Adrenalectomy reduces risk of new-onset diabetes mellitus, all-cause mortality
Patients with primary aldosteronism who underwent adrenalectomy have lower risk of incident new-onset diabetes mellitus (NODM) and all-cause mortality than matched hypertensive controls, according to a recent study.
Researchers identified patients diagnosed with primary aldosteronism and essential hypertension. They then used a validated algorithm from a 23-million population insurance registry to ascertain the occurrence of NODM and all-cause mortality among the participants.
A total of 2,367 primary aldosteronism patients without previous DM were identified and propensity score-matched with 9,468 patients with essential hypertension from 1999 to 2007. Among primary aldosteronism patients, 754 who had aldosterone-producing adenomas were identified and matched with 3,016 essential hypertension controls.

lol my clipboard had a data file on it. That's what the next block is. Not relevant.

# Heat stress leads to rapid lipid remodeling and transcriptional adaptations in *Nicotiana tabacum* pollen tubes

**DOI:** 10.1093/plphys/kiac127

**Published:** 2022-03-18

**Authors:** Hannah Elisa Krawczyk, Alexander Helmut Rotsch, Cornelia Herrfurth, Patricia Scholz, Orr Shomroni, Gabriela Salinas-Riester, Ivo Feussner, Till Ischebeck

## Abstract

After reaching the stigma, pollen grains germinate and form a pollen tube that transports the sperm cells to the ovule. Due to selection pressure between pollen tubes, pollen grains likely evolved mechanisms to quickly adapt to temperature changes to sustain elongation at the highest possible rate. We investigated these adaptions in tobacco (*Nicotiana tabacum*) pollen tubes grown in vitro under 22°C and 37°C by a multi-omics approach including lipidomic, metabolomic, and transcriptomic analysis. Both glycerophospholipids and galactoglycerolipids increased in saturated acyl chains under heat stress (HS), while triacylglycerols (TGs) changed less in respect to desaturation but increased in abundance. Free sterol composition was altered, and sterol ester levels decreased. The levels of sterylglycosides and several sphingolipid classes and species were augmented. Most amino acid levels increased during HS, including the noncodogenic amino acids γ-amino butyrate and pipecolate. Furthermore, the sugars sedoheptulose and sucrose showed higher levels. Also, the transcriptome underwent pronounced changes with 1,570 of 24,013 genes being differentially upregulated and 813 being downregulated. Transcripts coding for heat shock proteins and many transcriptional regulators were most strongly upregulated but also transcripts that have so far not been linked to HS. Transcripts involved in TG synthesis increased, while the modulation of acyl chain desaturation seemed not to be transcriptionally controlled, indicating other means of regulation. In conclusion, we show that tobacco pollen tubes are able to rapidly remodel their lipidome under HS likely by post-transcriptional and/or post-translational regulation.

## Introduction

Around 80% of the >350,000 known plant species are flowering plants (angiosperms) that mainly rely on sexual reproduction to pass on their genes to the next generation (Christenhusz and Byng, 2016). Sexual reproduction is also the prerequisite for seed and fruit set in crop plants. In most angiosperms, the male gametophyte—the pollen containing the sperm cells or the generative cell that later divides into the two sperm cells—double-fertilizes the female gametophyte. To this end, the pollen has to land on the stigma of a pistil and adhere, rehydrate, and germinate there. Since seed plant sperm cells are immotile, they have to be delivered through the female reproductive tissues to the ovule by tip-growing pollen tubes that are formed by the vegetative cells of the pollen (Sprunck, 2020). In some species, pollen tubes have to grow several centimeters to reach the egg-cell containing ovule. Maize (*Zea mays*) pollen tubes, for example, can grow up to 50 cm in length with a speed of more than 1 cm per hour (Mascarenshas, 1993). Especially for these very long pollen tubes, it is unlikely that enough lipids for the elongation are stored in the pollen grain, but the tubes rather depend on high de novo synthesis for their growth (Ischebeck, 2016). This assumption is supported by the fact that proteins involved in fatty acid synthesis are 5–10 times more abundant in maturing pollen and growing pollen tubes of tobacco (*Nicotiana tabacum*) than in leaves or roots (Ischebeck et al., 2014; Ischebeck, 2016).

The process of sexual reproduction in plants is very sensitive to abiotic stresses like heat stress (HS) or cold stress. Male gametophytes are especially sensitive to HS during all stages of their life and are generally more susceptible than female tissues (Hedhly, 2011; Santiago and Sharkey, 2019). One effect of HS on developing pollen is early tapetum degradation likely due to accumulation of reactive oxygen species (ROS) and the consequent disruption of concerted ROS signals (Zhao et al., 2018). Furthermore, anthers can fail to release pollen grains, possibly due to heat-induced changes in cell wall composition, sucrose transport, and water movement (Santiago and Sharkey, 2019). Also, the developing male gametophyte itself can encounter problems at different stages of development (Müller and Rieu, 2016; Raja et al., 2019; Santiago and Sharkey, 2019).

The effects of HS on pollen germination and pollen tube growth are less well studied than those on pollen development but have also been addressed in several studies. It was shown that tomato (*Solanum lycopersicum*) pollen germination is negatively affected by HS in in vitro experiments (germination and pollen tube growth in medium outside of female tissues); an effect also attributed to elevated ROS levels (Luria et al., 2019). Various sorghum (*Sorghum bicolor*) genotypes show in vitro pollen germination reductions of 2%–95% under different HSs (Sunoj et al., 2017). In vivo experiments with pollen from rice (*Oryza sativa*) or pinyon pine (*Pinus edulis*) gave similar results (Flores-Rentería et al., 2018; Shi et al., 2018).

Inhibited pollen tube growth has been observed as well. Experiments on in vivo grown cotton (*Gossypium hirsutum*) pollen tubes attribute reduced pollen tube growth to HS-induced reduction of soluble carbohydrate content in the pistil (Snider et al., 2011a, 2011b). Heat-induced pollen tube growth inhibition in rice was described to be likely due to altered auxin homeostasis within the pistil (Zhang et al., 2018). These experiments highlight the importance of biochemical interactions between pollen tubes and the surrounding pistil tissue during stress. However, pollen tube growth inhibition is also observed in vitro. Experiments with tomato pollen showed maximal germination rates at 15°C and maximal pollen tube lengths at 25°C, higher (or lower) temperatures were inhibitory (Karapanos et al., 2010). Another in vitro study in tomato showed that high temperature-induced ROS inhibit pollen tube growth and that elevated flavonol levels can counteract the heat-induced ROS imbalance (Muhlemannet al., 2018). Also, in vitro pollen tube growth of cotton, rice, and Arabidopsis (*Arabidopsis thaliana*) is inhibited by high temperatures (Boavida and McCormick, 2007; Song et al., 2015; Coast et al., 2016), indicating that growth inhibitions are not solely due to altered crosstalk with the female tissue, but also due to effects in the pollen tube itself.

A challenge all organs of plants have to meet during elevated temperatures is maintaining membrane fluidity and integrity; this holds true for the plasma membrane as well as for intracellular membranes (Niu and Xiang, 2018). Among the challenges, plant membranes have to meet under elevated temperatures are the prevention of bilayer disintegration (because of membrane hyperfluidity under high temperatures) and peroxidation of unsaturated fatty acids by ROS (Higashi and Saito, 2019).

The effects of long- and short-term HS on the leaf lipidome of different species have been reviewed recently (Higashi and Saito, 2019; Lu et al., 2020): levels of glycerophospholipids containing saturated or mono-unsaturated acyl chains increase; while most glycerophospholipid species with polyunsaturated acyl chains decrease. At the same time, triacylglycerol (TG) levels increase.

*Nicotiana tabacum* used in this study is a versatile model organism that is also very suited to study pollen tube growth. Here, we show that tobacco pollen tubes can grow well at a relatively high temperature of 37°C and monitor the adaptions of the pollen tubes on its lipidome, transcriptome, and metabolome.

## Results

Compared with essential hypertension controls, primary aldosteronism patients who underwent adrenalectomy had reduced incidence of NODM (hazard ratio [HR], 0.60; p<0.01), while those treated with mineralocorticoid receptor antagonist had increased risk of NODM (HR, 1.16; p<0.001) over a mean follow-up of 5.2 years.
Furthermore, adrenalectomy was protective against the development of NODM among aldosterone-producing adenoma patients (HR, 0.61; p<0.001), but treatment with mineralocorticoid receptor antagonist did not alter the risk of NODM (p=0.10).
Adjusted HRs for long-term risk of mortality from this analysis demonstrated that adrenalectomy was protective but NODM and major cardiovascular disease were harmful.
“This observation adds more evidence on the association of primary aldosteronism with a higher risk of metabolic syndrome and long-term mortality,” researchers said, adding that abnormal glucose metabolism due to insulin resistance has been linked to overproduction of aldosterone.